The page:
Behind Mackey, surgers and strugglers

March 15, 2010 

Three-time champion Lance Mackey pulled into Elim early this afternoon, fed his dogs and mushed on, seeking to expand a comfortable lead of more than two hours in the Iditarod Trail Sled Dog Race.

For more than a day now, Mackey has posted faster run times than second-place Jeff King, and his dozen dogs have required less rest, allowing the defending champion to gradually pull away. Absent a mistake over the final 120 miles, a fourth consecutive Iditarod should be his.

But behind, a handful of racers too far back to win were looking to improve their positions -- and earnings -- on the homestretch. After all, the battle for first isn't the only one being waged in the 38th Iditarod. And in any race, there are success stories and disappointments.

COMING ON

Ken Anderson of Fox has finished as high as fourth in the Iditarod, but halfway through this year's race in Cripple he was 19th and struggling to stay in the money. But he's mounted an excellent second half to move steadily up the rankings to fourth. Here's how, according to race blogger Jon Little, writing for Dr. Tim's Pet Food Co.:

"Anderson came up with a new wrinkle this year that's been talked about but rarely attempted. It took nerve and a willingness to camp out in cold, windy conditions late in an exhausting race.

"He blew through Kaltag, stopping only 10 minutes to pick up supplies such as straw, food and fuel, and continued on to camp -- somewhere. I think he probably had the team run all the way to Old Woman cabin, which is about four hours from Unalakleet. The team rested there a good while.

"Then he blew through Unalakleet and went a couple more hours, and camped again, somewhere in the Nulato Hills. Then he blew through Shaktoolik, again stopping only to resupply, and finally pulled over at Koyuk -- in fourth place.

"He wound up camping just twice between Nulato and Koyuk, instead of three times as most dog teams did. Can Anderson hold his very hard-earned advantage?"

Ramey Smyth of Willow is known as the fastest closer in Iditarod history, having won the final 22-mile Safety-to-Nome dash a record seven times. This year, he's winding it up early. Smyth made the 50-mile run from Shaktoolik to Koyuk in an impressive 7 hours, 6 minutes to land the Willow musher in eighth place. His time to Koyuk was a full 98 minutes faster than the time of Hugh Neff, who's sitting three spots ahead.

"Smyth is a master of closing the deal, and he's the last musher you want chasing you down in the final 150 miles of the Iditarod," writes Little in his race blog. "Smyth is three hours behind Anderson arriving at Koyuk, but his run time of seven hours is significantly faster than the rest. He should move up."

It's been an extraordinary turnaround in a few short months for Smyth. At the Kuskokwim 300, he finished a disappointing seventh, one spot better than he did a month later at the Tustumena 300. Desperate, he entered the Earl Norris Open for sprint mushers in Willow, finishing a distant 12th.

"I just don't have any money," he said at the time. "My dogs have a really bad flu, too, that seems to be dragging on and on."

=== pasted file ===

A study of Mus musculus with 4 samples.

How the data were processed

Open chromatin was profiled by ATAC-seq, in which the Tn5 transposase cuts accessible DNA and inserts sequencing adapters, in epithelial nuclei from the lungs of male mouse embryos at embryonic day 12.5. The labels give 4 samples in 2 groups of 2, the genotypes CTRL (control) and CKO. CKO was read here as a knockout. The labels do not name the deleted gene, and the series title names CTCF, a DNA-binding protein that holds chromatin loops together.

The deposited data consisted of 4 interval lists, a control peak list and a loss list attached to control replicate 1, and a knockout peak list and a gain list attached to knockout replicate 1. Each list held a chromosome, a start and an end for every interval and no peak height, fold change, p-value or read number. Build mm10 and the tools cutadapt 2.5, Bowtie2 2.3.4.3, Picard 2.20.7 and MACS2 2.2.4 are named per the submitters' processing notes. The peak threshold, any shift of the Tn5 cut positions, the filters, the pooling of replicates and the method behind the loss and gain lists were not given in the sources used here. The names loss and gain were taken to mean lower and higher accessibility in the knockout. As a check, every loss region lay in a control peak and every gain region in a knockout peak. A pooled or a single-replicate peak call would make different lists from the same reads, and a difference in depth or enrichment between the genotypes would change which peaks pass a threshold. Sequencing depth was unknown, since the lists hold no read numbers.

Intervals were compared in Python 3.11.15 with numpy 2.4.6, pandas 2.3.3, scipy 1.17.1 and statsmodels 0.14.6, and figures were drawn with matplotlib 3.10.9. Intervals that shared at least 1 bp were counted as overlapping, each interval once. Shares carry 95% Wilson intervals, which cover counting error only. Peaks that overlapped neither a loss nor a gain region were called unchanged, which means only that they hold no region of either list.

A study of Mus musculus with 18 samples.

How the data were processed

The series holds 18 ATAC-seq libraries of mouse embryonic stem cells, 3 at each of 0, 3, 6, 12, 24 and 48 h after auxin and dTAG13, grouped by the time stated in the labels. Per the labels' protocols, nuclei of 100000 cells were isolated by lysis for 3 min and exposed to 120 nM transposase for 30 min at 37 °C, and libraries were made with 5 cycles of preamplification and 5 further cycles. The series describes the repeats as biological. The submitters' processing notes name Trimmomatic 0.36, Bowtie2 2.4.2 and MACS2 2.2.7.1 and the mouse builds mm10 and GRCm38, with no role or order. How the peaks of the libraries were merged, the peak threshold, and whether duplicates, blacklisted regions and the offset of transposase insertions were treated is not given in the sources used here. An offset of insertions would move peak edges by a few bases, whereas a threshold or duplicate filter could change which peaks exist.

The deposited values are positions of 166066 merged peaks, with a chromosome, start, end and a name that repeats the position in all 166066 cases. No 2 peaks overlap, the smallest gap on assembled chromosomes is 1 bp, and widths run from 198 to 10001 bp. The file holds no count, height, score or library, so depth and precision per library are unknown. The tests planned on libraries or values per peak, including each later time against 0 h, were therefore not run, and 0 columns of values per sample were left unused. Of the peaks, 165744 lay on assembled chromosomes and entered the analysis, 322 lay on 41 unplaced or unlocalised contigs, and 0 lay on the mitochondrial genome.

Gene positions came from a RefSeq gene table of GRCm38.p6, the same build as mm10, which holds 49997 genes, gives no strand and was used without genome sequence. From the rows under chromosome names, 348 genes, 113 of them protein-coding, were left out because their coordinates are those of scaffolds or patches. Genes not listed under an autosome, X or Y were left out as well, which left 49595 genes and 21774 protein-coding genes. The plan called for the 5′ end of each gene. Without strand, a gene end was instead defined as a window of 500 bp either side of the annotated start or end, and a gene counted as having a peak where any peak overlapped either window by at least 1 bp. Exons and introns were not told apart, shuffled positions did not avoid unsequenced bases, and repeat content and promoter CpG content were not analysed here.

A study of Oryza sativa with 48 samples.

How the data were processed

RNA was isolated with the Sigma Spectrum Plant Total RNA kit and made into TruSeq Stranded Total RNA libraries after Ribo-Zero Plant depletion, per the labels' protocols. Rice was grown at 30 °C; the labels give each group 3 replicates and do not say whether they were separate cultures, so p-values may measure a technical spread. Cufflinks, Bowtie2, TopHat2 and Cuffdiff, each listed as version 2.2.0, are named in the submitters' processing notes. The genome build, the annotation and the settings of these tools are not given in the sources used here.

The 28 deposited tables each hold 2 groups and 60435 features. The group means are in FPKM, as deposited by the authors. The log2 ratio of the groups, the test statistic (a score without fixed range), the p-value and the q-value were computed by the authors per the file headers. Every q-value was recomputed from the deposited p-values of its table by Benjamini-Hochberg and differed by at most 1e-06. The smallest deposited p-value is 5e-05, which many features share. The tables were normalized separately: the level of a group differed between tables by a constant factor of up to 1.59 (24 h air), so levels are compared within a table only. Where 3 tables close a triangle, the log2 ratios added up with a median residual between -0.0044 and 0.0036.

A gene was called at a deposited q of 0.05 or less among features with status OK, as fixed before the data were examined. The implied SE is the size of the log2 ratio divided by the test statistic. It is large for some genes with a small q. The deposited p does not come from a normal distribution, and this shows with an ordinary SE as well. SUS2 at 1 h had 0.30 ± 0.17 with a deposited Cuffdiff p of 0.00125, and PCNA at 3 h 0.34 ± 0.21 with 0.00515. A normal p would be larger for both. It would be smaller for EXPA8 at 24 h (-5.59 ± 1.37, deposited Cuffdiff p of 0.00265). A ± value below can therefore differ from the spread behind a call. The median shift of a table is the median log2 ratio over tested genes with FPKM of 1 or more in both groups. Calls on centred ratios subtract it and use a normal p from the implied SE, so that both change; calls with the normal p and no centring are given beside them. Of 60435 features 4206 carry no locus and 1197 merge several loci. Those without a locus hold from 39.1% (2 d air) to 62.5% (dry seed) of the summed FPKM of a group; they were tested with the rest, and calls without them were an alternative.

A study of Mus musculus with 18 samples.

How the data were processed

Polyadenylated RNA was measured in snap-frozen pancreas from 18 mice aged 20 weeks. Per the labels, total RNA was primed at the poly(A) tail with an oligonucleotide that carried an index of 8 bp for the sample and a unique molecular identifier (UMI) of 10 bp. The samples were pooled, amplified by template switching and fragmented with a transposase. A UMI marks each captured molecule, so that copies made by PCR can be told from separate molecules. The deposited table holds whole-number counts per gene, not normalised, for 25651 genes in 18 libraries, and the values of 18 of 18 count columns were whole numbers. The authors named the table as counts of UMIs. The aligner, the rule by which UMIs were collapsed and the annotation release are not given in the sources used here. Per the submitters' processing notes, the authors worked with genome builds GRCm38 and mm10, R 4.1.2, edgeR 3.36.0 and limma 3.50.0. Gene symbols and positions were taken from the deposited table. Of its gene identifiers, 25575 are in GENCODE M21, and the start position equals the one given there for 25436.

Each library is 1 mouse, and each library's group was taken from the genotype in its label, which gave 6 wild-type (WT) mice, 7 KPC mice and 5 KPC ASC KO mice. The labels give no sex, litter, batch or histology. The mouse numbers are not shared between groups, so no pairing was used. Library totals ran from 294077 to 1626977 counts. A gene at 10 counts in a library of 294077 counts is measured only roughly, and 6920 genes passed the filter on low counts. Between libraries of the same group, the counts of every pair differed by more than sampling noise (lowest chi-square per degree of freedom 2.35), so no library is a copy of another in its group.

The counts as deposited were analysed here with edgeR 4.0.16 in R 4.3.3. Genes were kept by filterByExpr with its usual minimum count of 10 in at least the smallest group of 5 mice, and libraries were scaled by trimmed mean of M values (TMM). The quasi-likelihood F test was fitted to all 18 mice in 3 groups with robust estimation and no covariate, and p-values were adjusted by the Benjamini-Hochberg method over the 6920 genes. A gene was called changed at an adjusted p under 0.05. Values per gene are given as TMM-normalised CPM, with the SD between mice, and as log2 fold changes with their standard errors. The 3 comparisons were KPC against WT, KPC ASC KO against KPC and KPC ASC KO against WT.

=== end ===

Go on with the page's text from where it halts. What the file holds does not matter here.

Consider them recovered.

Aliy Zirkle of Fairbanks has been the model of consistency, at the bottom of the top 10 or in the low teens most of the race. Topping her best-ever Iditarod finish of 11th in 2005 is well within reach of the former Yukon Quest champion.

Dallas Seavey of Seward earned the halfway prize by mushing to Cripple before taking his 24-hour layover. That strategy earned him $3,000 and the view of a lot of dog rear ends that passed while he rested. But Seavey, 23, patiently worked his way back to the top 10. Now he's only five hours behind his dad, Mitch. Can he can catch him?

DeeDee Jonrowe of Willow is exhibiting all the skill that makes her a 14-time top-10 finisher. Jonrowe left the halfway point of Cripple in 26th place, down to just eight dogs. But she has done a superb job coaxing that group to the coast, with a good shot at a top-20 finish, no small accomplishment.

Dan Kaduce of Chatanika is topping what most consider a strong rookie field in 23rd place out of Unalakleet. While an Iditarod rookie, Kaduce is no greenhorn -- he has four top-10 finishes in the Yukon Quest. Fellow rookie Michael Williams Jr. of Akiak is 27th.

Wattie McDonald of Scotland "is having a magical race," writes Little. "McDonald, whose entire background consisted of running dry-land cart races with Siberians before he spent the last two winters working with 1984 champion Dean Osmar of Kasilof to get qualified for the Iditarod. Somehow, he maintained an entire 16-dog team all the way to the Yukon River. His run times have been excellent, which isn't a surprise since he's running Osmar's main dogs."

STRUGGLING:

Sven Haltmann, the young Swiss immigrant, flirted with the top five in the first half of the race and is now struggling to hang onto a top-20 spot. He's down to nine dogs.

Cim Smyth, Ramey's younger brother, was at the front of the pack during the race's early days. After a fifth-place finish last year, some thought he might contend. But he was down to 22nd, with just nine dogs, out of Unalakleet this morning.

Paul Gebhardt of Kasilof looked to have recaptured the magic that got him two runner-up finishes, contending for the lead in the race's first few days. He's fallen to 25th out of Unalakleet. In fact, his former handler Kristy Berington is now just 10 spots back.

Sebastian Schnuelle of Whitehorse, who's planning to move from mushing to sailing, was looking to go out with a bang. That could only mean one thing for last year's Yukon Quest champion and Iditarod runner-up -- an Iditarod title. But Schnuelle was ninth out of Shaktoolik and seemed poised to fall out of the top 10. Perhaps he was one musher who benefited from running the Quest and Iditarod back to back, something he did several times before passing on this year's Quest.